The world is one long musical composition. We just have to be present and listen.
Christopher Chandler, assistant professor of music, recalls learning this idea, promoted by Canadian musician and author R. Murray Schafer, who coined the term “soundscape.”
“I remember thinking that this was a really profound way of engaging and listening to the world,” he said.
Chandler has been paying attention to the sounds around him throughout his life.
While having a conversation in his office, he is also attentive to the whir of the fan on his computer or the buzz of the overhead lights.
“All these things are always going on,” he said. “Just as in music, there are foreground, middle ground and background elements. Most often we are attending to the foreground elements that are important to us. But there are other layers we can pay attention to.”
The sounds of nature have inspired musical compositions throughout human history. Several of Chandler’s compositions connect to natural spaces and places both as a general source of inspiration and as direct sonic resource.
In his “Audubon Sketches,” he pairs woodwinds, brass, strings and percussion with field recordings of various soundscapes. He also asks the musicians to perform on conventional auxiliary instruments (melodicas, woodblocks and shakers) as well as less conventional ones (stones, pine cones and branches).
Chandler composed the work for the seven-member American Wild Ensemble, which recorded it live during the pandemic over the internet with musicians in different locations and time zones. It follows the sonic activity one might hear in a wilderness setting over the course of a day: katydids and crickets crossfade into buzzing cicadas over the course of the morning, bird calls drift along in the afternoon, and loon calls give way to an approaching rainstorm in the late evening.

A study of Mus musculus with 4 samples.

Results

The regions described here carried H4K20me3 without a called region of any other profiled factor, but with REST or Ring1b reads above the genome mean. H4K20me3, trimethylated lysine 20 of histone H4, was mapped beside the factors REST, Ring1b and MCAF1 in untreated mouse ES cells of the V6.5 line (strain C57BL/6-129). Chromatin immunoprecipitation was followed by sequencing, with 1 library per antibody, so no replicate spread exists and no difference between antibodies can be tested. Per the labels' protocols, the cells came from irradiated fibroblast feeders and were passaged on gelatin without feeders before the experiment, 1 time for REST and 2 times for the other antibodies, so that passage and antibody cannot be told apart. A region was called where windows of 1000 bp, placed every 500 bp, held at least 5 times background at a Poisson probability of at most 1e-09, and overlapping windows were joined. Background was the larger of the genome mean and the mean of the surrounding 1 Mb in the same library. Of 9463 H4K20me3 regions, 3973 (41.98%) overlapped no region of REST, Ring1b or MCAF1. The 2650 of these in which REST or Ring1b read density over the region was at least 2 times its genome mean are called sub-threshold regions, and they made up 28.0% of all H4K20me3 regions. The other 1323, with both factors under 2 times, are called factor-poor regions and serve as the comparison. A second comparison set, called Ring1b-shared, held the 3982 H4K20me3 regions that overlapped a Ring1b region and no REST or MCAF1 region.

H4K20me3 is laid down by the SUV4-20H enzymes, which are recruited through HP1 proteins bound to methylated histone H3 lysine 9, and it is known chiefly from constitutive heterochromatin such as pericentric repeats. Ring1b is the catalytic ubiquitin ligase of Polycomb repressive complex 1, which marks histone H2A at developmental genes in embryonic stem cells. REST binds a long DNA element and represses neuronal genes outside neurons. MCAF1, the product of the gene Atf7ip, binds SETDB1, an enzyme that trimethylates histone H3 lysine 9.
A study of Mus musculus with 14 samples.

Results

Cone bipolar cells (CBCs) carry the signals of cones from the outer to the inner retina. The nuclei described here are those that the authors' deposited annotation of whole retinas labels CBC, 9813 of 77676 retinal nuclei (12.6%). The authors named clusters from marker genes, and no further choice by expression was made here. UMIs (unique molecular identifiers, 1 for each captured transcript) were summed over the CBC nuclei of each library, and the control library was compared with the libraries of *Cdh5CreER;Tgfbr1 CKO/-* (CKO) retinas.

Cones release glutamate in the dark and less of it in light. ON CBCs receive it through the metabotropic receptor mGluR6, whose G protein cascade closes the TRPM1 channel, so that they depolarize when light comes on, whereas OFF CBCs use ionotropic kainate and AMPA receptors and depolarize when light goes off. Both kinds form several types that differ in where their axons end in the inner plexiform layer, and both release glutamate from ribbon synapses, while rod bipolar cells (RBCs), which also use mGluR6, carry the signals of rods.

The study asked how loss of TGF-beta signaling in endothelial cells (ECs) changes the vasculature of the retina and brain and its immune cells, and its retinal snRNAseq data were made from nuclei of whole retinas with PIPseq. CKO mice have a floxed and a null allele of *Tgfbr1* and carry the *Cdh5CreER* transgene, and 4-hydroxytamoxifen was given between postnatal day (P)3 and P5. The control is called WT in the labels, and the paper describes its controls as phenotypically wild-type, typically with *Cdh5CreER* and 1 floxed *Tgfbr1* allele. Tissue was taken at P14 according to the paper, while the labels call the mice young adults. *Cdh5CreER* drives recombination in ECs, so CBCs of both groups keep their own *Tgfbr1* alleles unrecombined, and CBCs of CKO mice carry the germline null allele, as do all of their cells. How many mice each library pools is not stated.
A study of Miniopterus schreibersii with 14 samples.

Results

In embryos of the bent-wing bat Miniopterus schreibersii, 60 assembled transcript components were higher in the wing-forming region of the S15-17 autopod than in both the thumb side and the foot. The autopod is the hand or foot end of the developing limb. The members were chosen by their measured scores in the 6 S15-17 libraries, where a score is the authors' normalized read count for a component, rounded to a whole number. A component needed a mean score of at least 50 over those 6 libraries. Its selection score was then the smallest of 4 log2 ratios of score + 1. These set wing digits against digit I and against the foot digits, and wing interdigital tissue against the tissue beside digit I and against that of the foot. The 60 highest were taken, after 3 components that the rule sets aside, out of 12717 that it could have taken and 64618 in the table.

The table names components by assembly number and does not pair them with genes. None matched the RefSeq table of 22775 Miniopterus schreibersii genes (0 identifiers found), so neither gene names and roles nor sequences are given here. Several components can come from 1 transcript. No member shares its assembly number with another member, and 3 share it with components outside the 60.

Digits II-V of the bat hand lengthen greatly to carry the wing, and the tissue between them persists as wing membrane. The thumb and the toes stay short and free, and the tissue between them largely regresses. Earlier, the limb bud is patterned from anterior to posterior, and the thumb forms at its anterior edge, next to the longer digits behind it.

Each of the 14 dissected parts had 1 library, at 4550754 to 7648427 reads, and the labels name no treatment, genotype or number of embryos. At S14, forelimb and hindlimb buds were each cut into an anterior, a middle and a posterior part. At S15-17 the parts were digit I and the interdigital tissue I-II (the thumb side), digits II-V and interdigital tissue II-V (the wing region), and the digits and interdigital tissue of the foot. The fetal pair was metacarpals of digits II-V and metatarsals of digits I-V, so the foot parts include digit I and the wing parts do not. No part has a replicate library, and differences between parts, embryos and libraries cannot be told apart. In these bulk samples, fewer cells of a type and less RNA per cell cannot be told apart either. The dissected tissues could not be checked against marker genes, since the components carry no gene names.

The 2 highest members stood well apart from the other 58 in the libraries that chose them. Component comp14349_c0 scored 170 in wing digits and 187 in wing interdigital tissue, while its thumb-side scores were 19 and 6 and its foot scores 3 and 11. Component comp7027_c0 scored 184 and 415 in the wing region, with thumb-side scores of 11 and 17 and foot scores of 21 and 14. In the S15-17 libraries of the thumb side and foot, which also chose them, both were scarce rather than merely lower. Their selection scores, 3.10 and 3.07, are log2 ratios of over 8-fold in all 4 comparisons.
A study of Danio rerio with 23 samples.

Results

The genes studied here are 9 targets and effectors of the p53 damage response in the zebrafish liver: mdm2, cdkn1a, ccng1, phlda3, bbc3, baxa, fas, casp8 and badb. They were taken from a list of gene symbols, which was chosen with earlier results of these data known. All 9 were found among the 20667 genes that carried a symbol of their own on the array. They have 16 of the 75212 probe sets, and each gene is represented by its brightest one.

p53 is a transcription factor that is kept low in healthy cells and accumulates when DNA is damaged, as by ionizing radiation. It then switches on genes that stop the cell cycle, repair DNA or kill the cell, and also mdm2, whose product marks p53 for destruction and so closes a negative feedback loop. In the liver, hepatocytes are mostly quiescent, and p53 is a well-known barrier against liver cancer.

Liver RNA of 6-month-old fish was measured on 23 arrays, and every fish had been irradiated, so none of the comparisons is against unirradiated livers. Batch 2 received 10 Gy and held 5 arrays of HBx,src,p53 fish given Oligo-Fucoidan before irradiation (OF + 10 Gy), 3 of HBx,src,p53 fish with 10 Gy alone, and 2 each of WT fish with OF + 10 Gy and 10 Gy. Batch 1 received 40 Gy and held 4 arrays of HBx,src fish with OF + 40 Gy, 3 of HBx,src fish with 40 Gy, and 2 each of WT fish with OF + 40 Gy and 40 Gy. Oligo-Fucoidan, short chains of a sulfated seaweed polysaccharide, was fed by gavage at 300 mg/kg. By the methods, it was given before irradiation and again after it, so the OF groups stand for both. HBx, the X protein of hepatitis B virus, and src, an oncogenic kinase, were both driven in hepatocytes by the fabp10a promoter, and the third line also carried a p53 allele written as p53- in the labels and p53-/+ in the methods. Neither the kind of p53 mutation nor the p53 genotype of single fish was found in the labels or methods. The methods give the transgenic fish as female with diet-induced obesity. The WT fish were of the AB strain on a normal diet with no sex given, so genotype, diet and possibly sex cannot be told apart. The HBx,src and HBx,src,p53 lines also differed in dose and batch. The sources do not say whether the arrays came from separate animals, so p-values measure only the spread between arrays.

Chandler hopes one day to pair a performance of “Audubon Sketches” with a viewing of the College’s edition of John James Audubon’s “Birds of America.”
In another of Chandler’s compositions, “The View from Here,” he draws from sounds he recorded in Shenandoah National Park: the drone of passing traffic on Skyline Drive, a ringing bell heard from afar, and the active sounds of wildlife just off a trailhead. The American Wild Ensemble recorded the piece, set to spectacular aerial video footage.
Chandler, who grew up along the Vernon River in Savannah, Ga., incorporates in his works sounds of his childhood, insects and water among them. He also has enjoyed exploring the Adirondacks, where he goes hiking and camping with his family. His wife, who hails from Maine, introduced him to the haunting cries of loons.
He holds a B.A. from the University of Richmond, M.M. from Bowling Green State University and a Ph.D. from the Eastman School of Music.
His work has been performed across the U.S., Canada, and France by leading ensembles including Eighth Blackbird, the American Wild Ensemble, the Oberlin Contemporary Music Ensemble, the Cleveland Chamber Symphony and Le Nouvel Ensemble Moderne. He is the co-founder and technical director of the Switch Ensemble, a group dedicated to the creation of new works for chamber ensemble and technology.
His recognition and awards include a BMI Student Composer Award, an ASCAP/SEAMUS Commission, two first prizes from the Austin Peay State University Young Composer's Award, winner of the American Modern Ensemble’s Annual Composition Competition, and the Nadia Boulanger Composition Prize from the American Conservatory in Fontainebleau, France.
Chandler advised Henry Bush ’22, a music major from Providence, R.I., who composed an environmental music piece that was presented at Founders Day. The combination of produced, recorded and processed sounds concludes with a soundscape from Van Vranken Avenue just north of campus.
This spring, Chandler is teaching a new class, “Soundscapes: The Environment, Acoustic Ecology and Music,” in which he encourages students to listen anew and make creative use of their soundscape recordings.
“If students come away from the course with a different orientation toward sound in their lives, it will be a success,” he said. “It’s a great life skill to have, an ability to be present fully, which is something that can be somewhat lacking these days.”